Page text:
Thursday, October 28, 2010

Worshipping with Kin

Within the past week or so I’ve participated in two services of congregational worship which any reasonable person would place at opposite ends of the liturgical pole.

The first was a Saturday service at an Orthodox Church of America monastery not far from where I live, and the second was at a Southern Baptist church in Florida where my nephew serves as one of the church’s ministers.

Eastern Orthodox and Southern Baptist churches would appear to be the “high” and “low” of church liturgies, as worship styles are often categorized. Differences are all too easy to spot, and we do enough of that anyway in our society, in particular when we discuss religion .

Those on the “high” end tend to discount those on the “low” end, or in the “middle” as being “non-liturgical.” * And those on the “low” end tend to agree with them, but wear the label proudly. Those of us in the “middle” smugly figure we’ve got it right.

Rather than set the two poles off against each other as a study in contrasts, I think it’s much more interesting, and perhaps more informative as well, to see what, if any, might be the similarities. So let’s look at these two liturgical snapshots and see if we can spy what kinship there might be between the two.

The most obvious thing should be easy: both congregations assembled to praise God and pray in the name of Jesus Christ. In short, they are both Christian churches, and it showed clearly in their worship.

In both services music was of prime importance, especially congregational singing. Music in each service was designed for easy repetition and response from the people in the pews.

Both churches provided choirs and professional musicians to prompt and promote the congregational singing. Solos and duets were sung in each service.

The “presider” in each service was the leader of the religious community.

A number of other people had leadership responsibilities in both services.

Scripture was read, in both cases from one of the Gospels, and was interpreted by means of a sermon.

Each service included the celebration of a Christian sacrament: the Baptists baptized, and the Orthodox celebrated the Eucharist.

Visuals were used in each service to give focus to the liturgy—admittedly very different: iconography and PowerPoint on a screen.

A time for greetings between and among worshippers was incorporated into both services.

Neither church used a printed order of worship. You found out what was coming next when it arrived.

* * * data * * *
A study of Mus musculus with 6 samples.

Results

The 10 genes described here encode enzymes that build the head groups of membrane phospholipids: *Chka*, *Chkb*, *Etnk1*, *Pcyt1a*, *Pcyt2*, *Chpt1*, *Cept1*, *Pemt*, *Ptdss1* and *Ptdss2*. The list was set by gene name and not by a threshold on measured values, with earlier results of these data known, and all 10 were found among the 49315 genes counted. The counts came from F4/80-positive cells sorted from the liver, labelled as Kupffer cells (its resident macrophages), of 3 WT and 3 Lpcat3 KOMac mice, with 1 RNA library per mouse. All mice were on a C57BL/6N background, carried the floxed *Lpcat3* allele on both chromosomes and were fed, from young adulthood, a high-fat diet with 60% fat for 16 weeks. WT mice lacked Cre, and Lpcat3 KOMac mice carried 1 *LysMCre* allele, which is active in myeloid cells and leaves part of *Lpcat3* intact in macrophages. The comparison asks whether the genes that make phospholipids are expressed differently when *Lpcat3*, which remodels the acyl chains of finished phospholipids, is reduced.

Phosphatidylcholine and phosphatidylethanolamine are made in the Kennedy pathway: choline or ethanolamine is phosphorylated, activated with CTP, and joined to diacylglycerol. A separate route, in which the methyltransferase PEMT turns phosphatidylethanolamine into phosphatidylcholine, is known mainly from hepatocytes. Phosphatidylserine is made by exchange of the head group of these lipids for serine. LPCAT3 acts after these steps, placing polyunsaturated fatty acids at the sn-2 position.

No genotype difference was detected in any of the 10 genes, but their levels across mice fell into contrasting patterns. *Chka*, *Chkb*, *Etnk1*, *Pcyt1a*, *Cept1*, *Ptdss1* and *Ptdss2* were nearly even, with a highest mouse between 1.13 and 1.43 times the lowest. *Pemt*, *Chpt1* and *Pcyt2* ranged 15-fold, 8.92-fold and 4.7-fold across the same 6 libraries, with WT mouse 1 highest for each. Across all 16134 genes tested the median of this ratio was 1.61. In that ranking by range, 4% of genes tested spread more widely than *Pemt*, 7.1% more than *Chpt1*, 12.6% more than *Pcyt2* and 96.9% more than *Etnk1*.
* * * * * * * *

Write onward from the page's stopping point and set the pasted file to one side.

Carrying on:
Both services included announcements about other activities of the day and following.

There are probably other similarities that I didn’t take proper note of, but this is enough to remind us that when people gather on the Lord’s Day, there are similarities in their liturgies.

Of course the most important thing that all Christian worship services share is that God has promised to be there. Therein is revealed the unity of our faith and the essential kinship of all worshippers.

Share a worship experience with a friend from a different church background, and see what similarities you can spot.

* The distinction between “non-liturgical” and “liturgical” worship is a false one. What is different from one church to another may be degree of elaborate style, use of ancient prayers, formality, etc., but all worship is “liturgical” in the sense of it being the work of God’s people in praise of the Almighty. Most every church has a standard liturgical order of some sort.


  1. probably the best thing you ever did for me (though I'm sure I complained loudly at the time) was to drag us around to other churches on your Sundays off. I was fairly young, maybe 7-12 years old, but it made an impression. I remember sitting through Latin masses, Spanish mass, something with a lot of guitars, Greek Orthodox services, and who knows what else. At the time it was confusing and boring, but the experiences have stayed with me and helped me to understand where some of my friends and acquaintances come from. When we were invited to a Polish Orthodox wedding, I had an idea what to expect, and was quite comfortable, unlike some of our friends who were bewildered by the whole thing. So I agree, go out and about, and DRAG YOUR KIDS. They'll thank you for it later.

  2. I'm certainly thankful my parents dragged me to worship. I'm especially thankful as we come to All Saint' Day.